A Public Health Expert at Tony Blair Institute for Global Change, Dr Banda Khalifa, has said it was good that Ghana detected the Monkeypox in the country early enough.
He called on the country to scale up surveillance to ensure that other cases are detected and handled appropriately.
Speaking on the mid day news on TV3 Thursday June 10, he said Monkeypox is not as severe as other viral diseases.
“It is a good thing that the country has detected this case early enough. It wasn’t a matter of if, it was a matter of when we were going to detect it because as we can see the cases have been going up for sometime now.
“I won’t say we have to be worried now because Monkeypox is not as severe as other viral disease. The rate of spread is not as fast as Covid-19. It is a good thing we know we have some cases, we just have to strengthen our surveillance system and then detect them as early as possible.”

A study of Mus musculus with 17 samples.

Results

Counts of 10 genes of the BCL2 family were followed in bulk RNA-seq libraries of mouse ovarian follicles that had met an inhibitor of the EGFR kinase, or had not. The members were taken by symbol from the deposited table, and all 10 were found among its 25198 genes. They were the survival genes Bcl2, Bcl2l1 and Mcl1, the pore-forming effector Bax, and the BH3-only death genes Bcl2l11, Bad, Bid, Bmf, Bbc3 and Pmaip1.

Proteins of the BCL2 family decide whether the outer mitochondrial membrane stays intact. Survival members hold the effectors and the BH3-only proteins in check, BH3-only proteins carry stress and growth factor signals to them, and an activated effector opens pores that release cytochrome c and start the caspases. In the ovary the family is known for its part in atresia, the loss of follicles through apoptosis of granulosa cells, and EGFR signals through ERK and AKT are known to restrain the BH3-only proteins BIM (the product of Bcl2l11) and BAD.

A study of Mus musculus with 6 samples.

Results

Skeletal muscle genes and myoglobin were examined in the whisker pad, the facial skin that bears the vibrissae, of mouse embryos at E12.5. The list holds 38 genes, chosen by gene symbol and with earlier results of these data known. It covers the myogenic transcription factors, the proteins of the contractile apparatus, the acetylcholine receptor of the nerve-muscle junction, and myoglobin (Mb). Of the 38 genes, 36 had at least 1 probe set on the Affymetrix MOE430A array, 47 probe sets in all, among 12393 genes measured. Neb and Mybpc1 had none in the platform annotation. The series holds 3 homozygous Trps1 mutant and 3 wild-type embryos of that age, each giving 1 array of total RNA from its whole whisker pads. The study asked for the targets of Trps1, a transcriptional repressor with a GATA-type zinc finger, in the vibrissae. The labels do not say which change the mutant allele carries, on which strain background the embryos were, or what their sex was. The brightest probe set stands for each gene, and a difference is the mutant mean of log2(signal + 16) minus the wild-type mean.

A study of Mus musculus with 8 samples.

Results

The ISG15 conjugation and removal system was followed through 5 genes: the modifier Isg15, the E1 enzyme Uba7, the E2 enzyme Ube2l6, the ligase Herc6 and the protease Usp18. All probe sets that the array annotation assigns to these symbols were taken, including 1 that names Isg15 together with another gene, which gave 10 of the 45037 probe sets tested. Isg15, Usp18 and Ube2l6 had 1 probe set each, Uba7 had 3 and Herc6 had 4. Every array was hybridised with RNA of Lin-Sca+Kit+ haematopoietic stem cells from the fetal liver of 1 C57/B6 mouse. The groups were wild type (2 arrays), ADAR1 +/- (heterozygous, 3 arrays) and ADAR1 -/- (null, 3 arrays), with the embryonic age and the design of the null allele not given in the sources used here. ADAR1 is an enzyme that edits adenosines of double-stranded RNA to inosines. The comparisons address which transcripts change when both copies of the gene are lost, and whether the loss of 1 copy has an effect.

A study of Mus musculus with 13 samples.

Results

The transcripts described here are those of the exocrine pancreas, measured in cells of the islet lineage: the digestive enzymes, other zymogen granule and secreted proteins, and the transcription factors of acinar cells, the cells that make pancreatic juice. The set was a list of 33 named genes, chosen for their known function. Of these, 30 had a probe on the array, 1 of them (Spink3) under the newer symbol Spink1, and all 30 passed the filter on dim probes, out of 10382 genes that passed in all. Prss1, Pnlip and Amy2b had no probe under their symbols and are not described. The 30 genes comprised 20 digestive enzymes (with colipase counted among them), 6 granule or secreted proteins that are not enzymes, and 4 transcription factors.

Ghana has recorded five cases of Monkeypox in the Eastern, Bono and Greater Accra regions.
This was confirmed by the Director-General of the Ghana Health Service (GHS), Dr Patrick Kuma-Aboagye, at a press briefing on Wednesday, June 8.
He said “Monkeypox is a disease that is transmitted from animals to man. It is very endemic in Nigeria and Cameroon but it is generally in West Africa. From infected animals, rats, monkeys etc. and then infect humans. Human to human transmission can also occur but there has to be very closed skin to skin contact, face to face contact or mouth to skin contact, these are the areas or that is how it can be transmitted from human to human.
“So far, since the outbreak in Europe we have tested twelve suspected cases in Ghana since 24th of May. Currently, we have confirmed five cases in three regions, Eastern, Bono and Greater Accra. No deaths has occurred. One of the cases has been recorded with a Ghanaian who traveled to the United States from Ghana.”